Wednesday, November 2, 2011

Notes to the Teacher

I am not out of school very often. I take a couple days off every few years to go to a conference. It is rejuvenating. I took a personal day last year when my brother Dan came into town on a Friday. But other than those, I don’t remember taking a day off school. For years.

I am not tooting my own horn. I have been blessed with good health. I have been able to schedule doctor visits after school and during vacations. I had a pretty serious health scare summer before last, but I didn’t have to miss any school.

For one thing, writing substitute plans is a pain. I don’t really teach from textbooks, so I can’t just say to turn the page in the teacher’s edition (you know, the book with all the answers) and do what comes next. It’s fairly hands on, the way we teach and learn at my school. There are lots of conversations and lots of exploration and sharing out. It is a challenge to get that kind of thing down in writing for a sub.

I get an occasional cold or sinus infection, but I cover the symptoms and tough it out. I’m not a tough guy; it’s just that it’s not all that easy on the class – and definitely not that easy on me.

But the other day I went to NC to see my mom who has not been feeling that great. It turned out that she had an important doctor’s appointment on Monday and I wanted to be there with her for it. So, I arranged for a substitute and discussed it with my intern, Trina. I called school around 10:30 from my mom’s and the secretary put me through to the room. I talked to the children on the speakerphone. It was fun and I felt good knowing that the kids were in good humor and in good hands.

When I got to school the next morning I was earlier than usual. I hadn’t slept great the night before and so I was in a bit of a haze. The room was tidy. The chairs were still up on the tables so the custodian could vacuum effectively. Even my own table, usually messy, was tidied up. It was good to be back.

There, right where I usually sit, was a pile of notes the children had written to me while I was gone. OK, it wasn’t on the lesson plans, but as I sat down to read, I could tell that it was time well spent…

I hope that your mother is feeling better! I really miss you today but you are probably helping your mother right now... I give you good wishes for your mother… It’s not the same in this classroom without you. I really hope that your mom feels better. It’s important to you so it’s important to me… I know what you must be feeling. I’ve felt that way before… I really miss you a lot. When you get back, let us know how your mom is doing, OK? I don’t think O-Ball [our homemade version of dodge ball/capture the flag] will be as fun as it is with you. I miss you so much that I think I want to cry… If your ma feels better then I know you will feel better… I missed you today and I want you to come back soon. Trick-or-Treat, smell my ____ What comes next?... We missed you today, a lot! I think it’s OK that you were out because your mother is sick. I don’t want to leave you at the end of this year. We love you sooooo much!... I missed you a lot. And I wish you were here. It is sad that you’re gone but you’ll be back tomorrow and I’ll see you again, but I miss you!... I miss you soooo much. I want you to come back. You’re a good son but I can’t handle one more day without you…

Almost every one of these little notes was signed with the most important word of all.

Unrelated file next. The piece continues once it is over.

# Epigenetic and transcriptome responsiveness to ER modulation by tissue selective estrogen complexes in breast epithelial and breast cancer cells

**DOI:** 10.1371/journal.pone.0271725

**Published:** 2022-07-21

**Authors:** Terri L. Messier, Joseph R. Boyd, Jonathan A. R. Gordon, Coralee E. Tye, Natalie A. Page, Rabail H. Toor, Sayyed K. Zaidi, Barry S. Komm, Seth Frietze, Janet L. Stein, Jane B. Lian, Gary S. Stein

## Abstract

And, I think they meant it. I certainly love them. And they know it. No one was sucking up. They were sincere.

You know, not every day is an awesome day. There are afternoons after school when I am plum worn out. I get cross sometimes. And demanding. And sarcastic. I have my faults. We all do. But I always feel like a lucky guy to be doing just what I am doing. Who else gets to hang around and think deeply about real important stuff with a big old group of best friends?

I am blessed. And I am loved.


ruck said...

Heidi is showing me how to leave a comment --so, I will comment -- I love you

Emily Whitecotton said...

Great share, Tim. I was getting my kids ready for some time that I will be out for NCTE in the next few weeks, when one of my students said something to the effect of....Oh no! This is not going to be good. Other people don't understand how we do things in here. They don't know how you listen and how we talk. Are you sure you HAVE to be gone?...
I had to laugh because she wasn't wrong. My favorite part about that whole exchange (returning from having a sub) is the clear appreciation we have for one another once we're back together. I genuinely miss my kids (as I know you do), and they genuinely miss me (as it is clear yours miss you). Thanks for consistently providing a window into classroom life where humanity and care flourish. Rock on.

Chris Hass said...

How thoughtful of Trina to take a moment for the kids to create those cards! I seem to remember another of your interns did the same thing for you a year or two ago. I think that speaks to the quality of interns we have as well.

I've grown accustomed to having groups that moan and whine at the prospect of a sub. They feel uncomfortable because the normal routine will be broken, someone different might try reading the next chapter of our read aloud (and not know the voices), and the sub might not know we don't yell in our classroom. Like most, I've had some wonderful subs and some real stinkers. You are right - it's much easier to be there than not.

maria said...

It has been quite easy to become disheartened toward this noble profession recently. This post has rejuvenated my strength and my spirit. Thank you.